Analysis: AirMiles aims to rebuild brand loyalty

The UK’s longest-running loyalty scheme faces fierce competition from budget airlines and alternative schemes. Alex Black asks how AirMiles can differentiate its offering and recapture the sparkle of its heyday

If you have a loyalty card, how many points have you got on it? Is it worth the hassle of cashing them in for a one-way flight to Inverness on Wednesday morning, or is a free kettle more appealing?

Due to the emergence of lower-end supermarket loyalty schemes such as Nectar, AirMiles, which caught consumers' imaginations in the free-spending 1980s, now seems to be coming down to earth with a bump.

But ex-AirMiles head of communications Claire Keane – now at Edelman in Ireland – emphasises that the scheme is still 'about aspirational travel, not 50p off at Burger King'.

Last week AirMiles sat down with newly hired agency Lexis PR (PRWeek, 13 January) to thrash out the details of a campaign that aims to put the UK's original loyalty programme back on top.

Realistically it has only one more chance to impose itself and take ownership of the travel rewards market. Two rebrands, a failed MBO and an increasingly cluttered market have sapped much of the product's prestige over the past five years.

The easyJet threat
To regain its status, AirMiles needs first to rise above the budget airlines. Launch Group CEO Johnny Pitt, whose agency pitched against Lexis for the contract, says: 'The industry is unrecognisable from 1988 [when BA launched the scheme]. Firms such as easyJet have made  flying less special.

He argues that AirMiles should be more about treating the customer with exclusive packages, rather than just giving them a cheap online flight.

AirMiles comms manager Claire Watson says Lexis's brief covers the two core aspects of the business: the collection and redemption of points. The collection aspect of the campaign is essentially a drive to build on the number of corporate partners – 'putting more miles in the customer's hands', as Watson puts it.

Because AirMiles does not have a tie-in with, say, a car maker or mobile phone company, these could become areas of future interest. Watson refuses to be drawn on this, saying the campaign is still in the planning stage.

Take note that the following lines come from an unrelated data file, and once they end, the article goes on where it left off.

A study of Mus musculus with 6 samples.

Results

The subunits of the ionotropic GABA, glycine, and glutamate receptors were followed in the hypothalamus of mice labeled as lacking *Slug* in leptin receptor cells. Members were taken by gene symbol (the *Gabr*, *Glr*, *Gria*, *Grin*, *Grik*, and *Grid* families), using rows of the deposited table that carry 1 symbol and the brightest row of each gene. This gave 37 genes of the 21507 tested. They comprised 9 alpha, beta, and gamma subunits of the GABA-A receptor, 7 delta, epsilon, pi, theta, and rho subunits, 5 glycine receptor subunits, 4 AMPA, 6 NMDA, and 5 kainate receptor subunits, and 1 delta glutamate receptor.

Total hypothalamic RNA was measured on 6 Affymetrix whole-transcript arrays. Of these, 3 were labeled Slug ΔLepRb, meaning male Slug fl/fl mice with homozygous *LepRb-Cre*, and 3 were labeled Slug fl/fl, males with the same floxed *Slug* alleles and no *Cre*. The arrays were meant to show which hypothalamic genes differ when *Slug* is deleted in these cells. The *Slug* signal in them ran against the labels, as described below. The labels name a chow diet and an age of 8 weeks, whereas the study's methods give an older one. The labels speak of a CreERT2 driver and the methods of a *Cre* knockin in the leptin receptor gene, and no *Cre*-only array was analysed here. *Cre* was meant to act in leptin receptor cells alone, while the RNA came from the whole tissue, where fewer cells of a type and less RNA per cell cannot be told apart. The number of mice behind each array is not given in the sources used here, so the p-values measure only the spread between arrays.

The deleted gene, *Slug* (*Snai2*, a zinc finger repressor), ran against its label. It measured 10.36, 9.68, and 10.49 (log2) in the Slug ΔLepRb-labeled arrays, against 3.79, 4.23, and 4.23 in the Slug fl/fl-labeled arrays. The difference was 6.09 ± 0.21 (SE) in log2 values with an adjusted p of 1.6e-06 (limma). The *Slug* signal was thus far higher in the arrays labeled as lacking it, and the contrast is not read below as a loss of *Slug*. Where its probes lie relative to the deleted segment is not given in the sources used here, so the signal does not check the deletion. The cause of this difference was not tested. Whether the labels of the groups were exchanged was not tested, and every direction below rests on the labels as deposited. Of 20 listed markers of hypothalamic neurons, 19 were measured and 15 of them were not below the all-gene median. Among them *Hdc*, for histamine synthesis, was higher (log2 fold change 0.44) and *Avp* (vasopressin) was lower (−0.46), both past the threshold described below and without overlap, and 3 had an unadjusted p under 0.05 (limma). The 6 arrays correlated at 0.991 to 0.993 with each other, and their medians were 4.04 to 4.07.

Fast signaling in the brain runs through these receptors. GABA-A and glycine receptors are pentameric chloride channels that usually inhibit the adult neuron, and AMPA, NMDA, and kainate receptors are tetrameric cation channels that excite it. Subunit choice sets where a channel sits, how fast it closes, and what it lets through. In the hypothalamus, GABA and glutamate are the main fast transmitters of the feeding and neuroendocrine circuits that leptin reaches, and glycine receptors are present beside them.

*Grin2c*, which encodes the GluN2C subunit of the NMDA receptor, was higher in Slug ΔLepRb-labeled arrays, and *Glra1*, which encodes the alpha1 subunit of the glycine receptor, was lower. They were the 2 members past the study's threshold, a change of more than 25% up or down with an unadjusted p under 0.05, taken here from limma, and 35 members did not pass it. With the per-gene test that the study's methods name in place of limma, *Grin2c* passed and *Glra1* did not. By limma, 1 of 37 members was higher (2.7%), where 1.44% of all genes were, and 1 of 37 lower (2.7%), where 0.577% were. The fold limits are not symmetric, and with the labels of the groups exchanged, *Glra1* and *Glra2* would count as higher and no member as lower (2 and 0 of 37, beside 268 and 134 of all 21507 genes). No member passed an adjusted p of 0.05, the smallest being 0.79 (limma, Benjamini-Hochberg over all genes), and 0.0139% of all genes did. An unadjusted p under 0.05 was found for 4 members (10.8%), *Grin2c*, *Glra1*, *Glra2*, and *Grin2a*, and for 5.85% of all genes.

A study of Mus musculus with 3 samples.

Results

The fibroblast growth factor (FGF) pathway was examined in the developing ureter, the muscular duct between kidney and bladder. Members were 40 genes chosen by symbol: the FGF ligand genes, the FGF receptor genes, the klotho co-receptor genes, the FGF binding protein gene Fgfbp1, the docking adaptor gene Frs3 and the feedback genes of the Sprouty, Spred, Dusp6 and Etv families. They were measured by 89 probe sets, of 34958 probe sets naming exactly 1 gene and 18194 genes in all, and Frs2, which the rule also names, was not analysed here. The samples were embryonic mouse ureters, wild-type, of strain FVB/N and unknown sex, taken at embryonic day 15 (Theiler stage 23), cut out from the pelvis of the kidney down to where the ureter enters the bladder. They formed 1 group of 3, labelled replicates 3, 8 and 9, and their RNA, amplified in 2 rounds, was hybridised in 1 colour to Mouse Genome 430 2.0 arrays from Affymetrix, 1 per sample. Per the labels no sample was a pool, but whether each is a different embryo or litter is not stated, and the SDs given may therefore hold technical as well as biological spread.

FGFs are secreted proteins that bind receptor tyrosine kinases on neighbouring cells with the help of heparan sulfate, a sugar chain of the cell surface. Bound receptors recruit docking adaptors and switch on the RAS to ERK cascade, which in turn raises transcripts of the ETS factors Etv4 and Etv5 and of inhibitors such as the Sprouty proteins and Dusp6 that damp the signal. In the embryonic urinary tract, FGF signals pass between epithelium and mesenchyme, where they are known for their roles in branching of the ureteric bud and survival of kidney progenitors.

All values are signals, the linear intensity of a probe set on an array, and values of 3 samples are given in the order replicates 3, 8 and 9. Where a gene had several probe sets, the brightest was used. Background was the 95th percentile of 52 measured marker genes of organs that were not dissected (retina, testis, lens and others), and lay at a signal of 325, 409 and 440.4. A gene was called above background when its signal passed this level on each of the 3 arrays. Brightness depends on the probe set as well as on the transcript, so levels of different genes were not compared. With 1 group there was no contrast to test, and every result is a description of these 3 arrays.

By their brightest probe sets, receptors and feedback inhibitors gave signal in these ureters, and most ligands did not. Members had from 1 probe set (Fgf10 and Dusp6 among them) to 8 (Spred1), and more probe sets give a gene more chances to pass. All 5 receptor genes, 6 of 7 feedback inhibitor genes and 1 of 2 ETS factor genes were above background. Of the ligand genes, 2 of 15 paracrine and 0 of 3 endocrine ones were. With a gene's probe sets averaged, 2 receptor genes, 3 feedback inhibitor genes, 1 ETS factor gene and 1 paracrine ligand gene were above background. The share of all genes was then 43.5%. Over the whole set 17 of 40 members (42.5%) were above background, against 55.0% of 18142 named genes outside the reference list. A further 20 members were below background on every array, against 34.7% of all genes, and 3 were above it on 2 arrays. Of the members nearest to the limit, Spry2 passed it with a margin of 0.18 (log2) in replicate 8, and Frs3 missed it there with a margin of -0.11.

Redemption of points, though, is the main challenge. AirMiles has six million UK customers signed up to the scheme, but it still needs to encourage them to use the points they have racked up. 'Lack of points redemption means lack of affiliation. If people aren't redeeming, they're not getting involved and that doesn't build brand loyalty,' says Firefly consumer head Brandon Stockwell, formerly in charge of the AirMiles account at Cohn & Wolfe.

One solution is to use points redeemers as brand ambassadors – spreading interest and showing apathetic consumers what they can do with their hoarded miles.

'Get redeemers to share great experiences and show that AirMiles points can quickly be racked up through normal shopping, especially through clever use of credit cards,' advises Stockwell. 'This makes collecting points more of a positive choice.'

That would certainly address the confusing messages  currently put out by the brand, claims BGB Communications director Helen Coop. 'People are confused as to what AirMiles does,' she says. 'They don't know whether it's a tour operator or a reward scheme and don't necessarily know about the partners. Consumers need to be told in simple terms what the company does and why they should bother to get involved.'

Expanded offering
And what about those who believe AirMiles is 'a BA thing'? Watson retorts: 'AirMiles can be redeemed with more than 100 airlines, and can be used for hotels, car hire and holiday packages.'

However, the company has its work cut out if it wants to retain the momentum behind the expansion of its offering, according to Travel Trade Gazette chief correspondent Samantha Mayling.

Rebranding as The AirMiles Travel Company in 2003, the firm now offers paid-for flights and holiday packages.

'AirMiles does tend to get lost in the market,' Mayling says. 'If it wants to push its scheme to the travel sector and build its partners, it is going to have to offer more well-packaged holidays that give  attractive commissions.'

With competition from Nectar on the rewards side, and Lastminute and Travelocity on the travel side, the big question is: will the brand be aspirational enough to stand out?

Fresh from a four-way pitch process that threw up plenty of thoughts on the prestige angle of AirMiles' offering, Watson is keen to focus the product on higher-end consumers.

'If you buy a £1,500 sofa from Heals you get 1,500 air miles; enough for a pair of return flights to Barcelona,' she explains. 'Similarly, if you buy a £3,000 Kuoni holiday from our website, you will also get 1,500 miles.

'In both cases you're getting a free holiday for buying something you would have bought anyway.'

£1,500 sofas? £3,000 holidays? If AirMiles can keep itself pitched at that sort of level, it need not worry about the prospect of free kettles siphoning off its customer base.